Myanmar/Burma is the country with the highest risk of humanitarian crises in north and south east Asia, and ranks 12th worldwide. For more than half a century, the country has been marred by a series of internal conflicts which have adversely affected a great number of civilians. More than 300 000 people are currently living in displacement with limited access to basic services. Restricted humanitarian access to certain areas hampers the ability of international aid organisations to provide crucial assistance to people in need. Recurrent natural hazards also increase the vulnerability of residents in disaster-prone areas.
Occasional flare-ups of violence, involving fighting between ethnic groups and the army, and their subsequent tensions have marred different parts of Myanmar/Burma for more than half a century. The United Nations estimate that more than half a million people in the country are currently in need of humanitarian assistance, including those displaced in the conflict-torn States of Rakhine, Kachin and Shan. In Rakhine State, an estimated 800 000 people from the minority Rohingya Muslim community are also stateless and deprived of basic rights, including freedom of movement. As a result of violent inter-ethnic clashes in 2012, some 120 000 people remain internally displaced, living in camps and entirely dependent on international aid. A deadly assault by Rohingya insurgents on multiple police posts in Northern Rakhine on 25th August triggered a new cycle of violence, prompting close to 400 000 civilians to flee across the border into Bangladesh within two and half weeks. The latest clashes come less than one year after a previous assault by insurgents on three border guard posts on 9th October 2016 sparked a series of violent incidents and military operations that saw more than 87 000 Rohingya fleeing to Bangladesh in search of refuge. In Kachin and Shan states, prolonged armed conflicts have also taken a heavy toll on the local population. To date, some 98 000 people remain displaced following clashes between armed groups and security forces.
The European Union, through its Civil Protection and Humanitarian Aid Operations department, has been operational in Myanmar/Burma since 1994. It has funded emergency relief programmes to assist victims of both conflict and natural disasters, with the total funding amount reaching nearly €230 million. This figure includes an allocation of €9.7 million for 2017. Since 2013 a total of €2 650 000 have also been provided for emergency education to conflict-affected children in the framework of the EU Children of Peace.
In Rakhine State, the European Commission has been working for many years with its humanitarian partners to address protection, food, nutrition and health needs of the most vulnerable people, particularly in the northern townships. Following the outbreaks of violence in June 2012 and October 2016, which resulted in large-scale displacements of populations, the Commission extended its humanitarian aid to all displaced people in need. Sectors of intervention include shelter, food and non-food items, nutrition, health care, water and sanitation, livelihoods support, coordination, education and protection.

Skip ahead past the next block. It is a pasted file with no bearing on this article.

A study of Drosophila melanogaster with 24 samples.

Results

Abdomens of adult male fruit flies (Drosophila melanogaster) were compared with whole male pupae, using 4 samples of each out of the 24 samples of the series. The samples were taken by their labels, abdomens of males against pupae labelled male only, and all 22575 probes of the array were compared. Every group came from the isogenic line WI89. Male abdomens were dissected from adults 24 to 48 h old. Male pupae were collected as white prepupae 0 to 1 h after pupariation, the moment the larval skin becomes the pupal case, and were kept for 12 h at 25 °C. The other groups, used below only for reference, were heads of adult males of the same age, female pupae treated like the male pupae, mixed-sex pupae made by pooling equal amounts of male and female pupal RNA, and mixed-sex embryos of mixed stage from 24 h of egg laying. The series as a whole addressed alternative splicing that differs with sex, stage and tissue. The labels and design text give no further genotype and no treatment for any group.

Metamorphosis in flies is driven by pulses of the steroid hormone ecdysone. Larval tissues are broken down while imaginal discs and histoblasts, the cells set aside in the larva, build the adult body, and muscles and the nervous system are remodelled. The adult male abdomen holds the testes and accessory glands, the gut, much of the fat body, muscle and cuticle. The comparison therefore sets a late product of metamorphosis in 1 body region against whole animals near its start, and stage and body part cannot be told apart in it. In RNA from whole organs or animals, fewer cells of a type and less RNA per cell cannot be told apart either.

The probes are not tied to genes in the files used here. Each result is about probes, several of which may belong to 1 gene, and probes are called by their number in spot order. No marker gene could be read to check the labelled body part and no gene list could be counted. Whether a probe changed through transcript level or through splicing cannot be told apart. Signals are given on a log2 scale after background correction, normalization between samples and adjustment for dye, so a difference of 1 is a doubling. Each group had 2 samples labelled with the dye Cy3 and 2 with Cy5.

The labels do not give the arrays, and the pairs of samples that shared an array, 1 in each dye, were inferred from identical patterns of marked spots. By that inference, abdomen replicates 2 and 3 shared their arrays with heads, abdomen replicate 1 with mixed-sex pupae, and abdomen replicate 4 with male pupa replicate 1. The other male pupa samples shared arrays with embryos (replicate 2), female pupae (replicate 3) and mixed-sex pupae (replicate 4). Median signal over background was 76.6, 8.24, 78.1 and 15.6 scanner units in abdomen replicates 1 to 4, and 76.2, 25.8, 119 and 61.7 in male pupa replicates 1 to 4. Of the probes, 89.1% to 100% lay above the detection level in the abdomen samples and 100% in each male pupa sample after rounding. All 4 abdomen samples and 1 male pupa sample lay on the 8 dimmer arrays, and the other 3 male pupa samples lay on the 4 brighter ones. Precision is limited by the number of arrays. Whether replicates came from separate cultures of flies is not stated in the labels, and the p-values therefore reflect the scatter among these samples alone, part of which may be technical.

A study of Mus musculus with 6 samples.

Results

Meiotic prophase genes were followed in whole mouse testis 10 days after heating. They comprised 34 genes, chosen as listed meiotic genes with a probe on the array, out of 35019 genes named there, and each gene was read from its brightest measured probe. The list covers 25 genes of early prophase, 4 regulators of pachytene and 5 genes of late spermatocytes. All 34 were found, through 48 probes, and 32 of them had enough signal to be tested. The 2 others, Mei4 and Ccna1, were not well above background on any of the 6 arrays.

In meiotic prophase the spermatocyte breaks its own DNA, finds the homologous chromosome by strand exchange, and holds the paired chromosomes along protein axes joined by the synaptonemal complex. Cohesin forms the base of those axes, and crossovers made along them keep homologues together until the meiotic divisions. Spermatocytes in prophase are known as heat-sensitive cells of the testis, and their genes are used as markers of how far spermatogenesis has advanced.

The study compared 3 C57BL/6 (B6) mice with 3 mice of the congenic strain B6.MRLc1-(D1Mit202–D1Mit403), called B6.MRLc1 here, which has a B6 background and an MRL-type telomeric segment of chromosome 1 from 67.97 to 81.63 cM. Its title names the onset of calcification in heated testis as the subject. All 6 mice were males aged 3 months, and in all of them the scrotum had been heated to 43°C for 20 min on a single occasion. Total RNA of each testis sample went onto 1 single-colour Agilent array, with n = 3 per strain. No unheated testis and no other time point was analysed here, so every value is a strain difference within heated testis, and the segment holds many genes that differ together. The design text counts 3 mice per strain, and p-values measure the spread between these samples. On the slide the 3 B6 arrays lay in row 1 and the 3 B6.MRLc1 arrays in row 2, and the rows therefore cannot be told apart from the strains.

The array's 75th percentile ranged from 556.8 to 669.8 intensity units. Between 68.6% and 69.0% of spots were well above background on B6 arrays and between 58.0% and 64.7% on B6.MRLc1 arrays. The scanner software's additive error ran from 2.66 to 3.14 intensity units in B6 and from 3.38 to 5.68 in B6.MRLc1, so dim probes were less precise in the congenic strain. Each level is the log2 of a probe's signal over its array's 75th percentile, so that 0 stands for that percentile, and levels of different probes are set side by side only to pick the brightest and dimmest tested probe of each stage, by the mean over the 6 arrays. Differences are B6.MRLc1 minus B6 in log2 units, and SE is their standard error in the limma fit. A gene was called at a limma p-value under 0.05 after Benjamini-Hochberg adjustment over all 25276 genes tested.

The Commission is also providing humanitarian aid to those displaced by the Kachin/northern Shan State conflict and living in camps. Along the eastern border, the EU has contributed to mine awareness projects and to the rehabilitation needs of victims of anti-personnel mines as well as supporting the Myanmar Indigenous Network for Education.
The European Union has also responded to a number of natural disasters in Myanmar/Burma over the past two decades. Most recently, in late May, when Cyclone Mora wreaked havoc across several areas along the country’s western coast, with Rakhine State being the hardest hit, the Commission immediately allocated €500 000 to provide emergency relief assistance to the affected communities.
Another priority of the EU in Myanmar/Burma is disaster risk reduction, to increase the resilience of the most vulnerable communities facing recurrent natural hazards. In line with the European Union's international commitments, the Commission ensures that all its relevant actions lead to the reduction of disaster risks and to the improvement of communities' resources for better preparedness to natural disasters. In this context, €9.65 million have been allocated between 2010 and 2017 for coastal flood-prone areas and urban earthquake risks measures, particularly in the financial capital of Yangon.